Uneasy Scenes

In 2015, Germany accepted more than a million people fleeing humanitarian crises into the country, far exceeding the response of other European nations. The Guardian reported that their reception consisted of masses of volunteers but also “daily clashes in refugee centres, a rising far-right, a backlog of registrations and dissent among the ranks of Angela Merkel’s government.” Born in former East Germany and now based in Berlin, Georg Kussmann (b. 1989) set out on foot to capture the zeitgeist of that summer in 2015. He travelled across key cities – from Mannheim and Essen to Hamburg and Munich – picturing scenes of everyday life, work and leisure. Below the surface, there’s an unsettling sense of discontent and the threat of violence rooted in different responses to social, political and economic pressures. Sometimes these feelings are overt, like the harsh graffiti scrawled across building walls. FRG – the abbreviation of Federal Republic of Germany – brings his work together in one thought-provoking photo book.

Juxtaposition is evident throughout this volume. On one page, we see the back of a person sleeping on a bench. The following image presents us with a group of swimmers in a pristine lake. It seems like a happier scene, filled with bright orange arm bands, blue skies and lush greenery. Kussmann presents a stark contrast between those who can choose to be outdoors and those who cannot. Nevertheless, there’s an unsettling edge to even the moments that look completely carefree. For example, a forearm and hand obstruct our view in the swimmers’ shot. It dominates the scene, hanging limp and out of focus in the foreground. Kussmann often disrupts harmonious scenes in this way. Later on, we see basketball players through the blurred, diamond-shaped holes of a wire fence. On the front cover, only the houses in the background are discernible whilst the street and shrubbery in front are shrouded in darkness.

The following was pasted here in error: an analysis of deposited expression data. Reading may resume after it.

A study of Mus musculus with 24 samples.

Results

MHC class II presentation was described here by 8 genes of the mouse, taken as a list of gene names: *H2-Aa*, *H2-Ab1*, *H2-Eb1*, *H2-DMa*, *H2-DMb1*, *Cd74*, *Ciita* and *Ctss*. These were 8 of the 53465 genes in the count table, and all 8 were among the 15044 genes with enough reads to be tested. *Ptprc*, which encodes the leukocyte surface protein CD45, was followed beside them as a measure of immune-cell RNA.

Elsewhere, unease is far less subtle. Three dog walkers are brought together by their angry pets that face off in the middle of a park. A few pages later, we meet a cyclist holding onto her bicycle. Around eight, heavily armoured police officers occupy the background. We see two men in another striking shot, one faces away from the camera and leans in towards the ear of the other – who looks at us over a bouquet of plastic-wrapped roses. His expression is impossible to determine since the flowers obscure the bottom half of his face. Nevertheless, his tensed eyebrows and bloodshot eyes draw us in and prompt a number of questions. Is this an expression of anger or sadness? And what is the cause? Many of the hardships we see can be linked to various factors: the aftermath of the 2008 financial crisis, the growth of far-right populism and reactions to the open border policy. Kussmann intentionally refuses to provide a clear answer.

These are not the photographs you would see accompanying headlines but a selection of everyday moments and ambiguous emotions that betray an underlying sense of discomfort – one that’s difficult to pin down. Kussmann presents us with glimpses into a country struggling to understand itself during unprecedented times, caught between the weight of the past and the demands of the present.

Georg Kussmann: FRG | MACK


Image Credits:

Georg Kussmann, from FRG (MACK, 2024). Courtesy of the artist and MACK.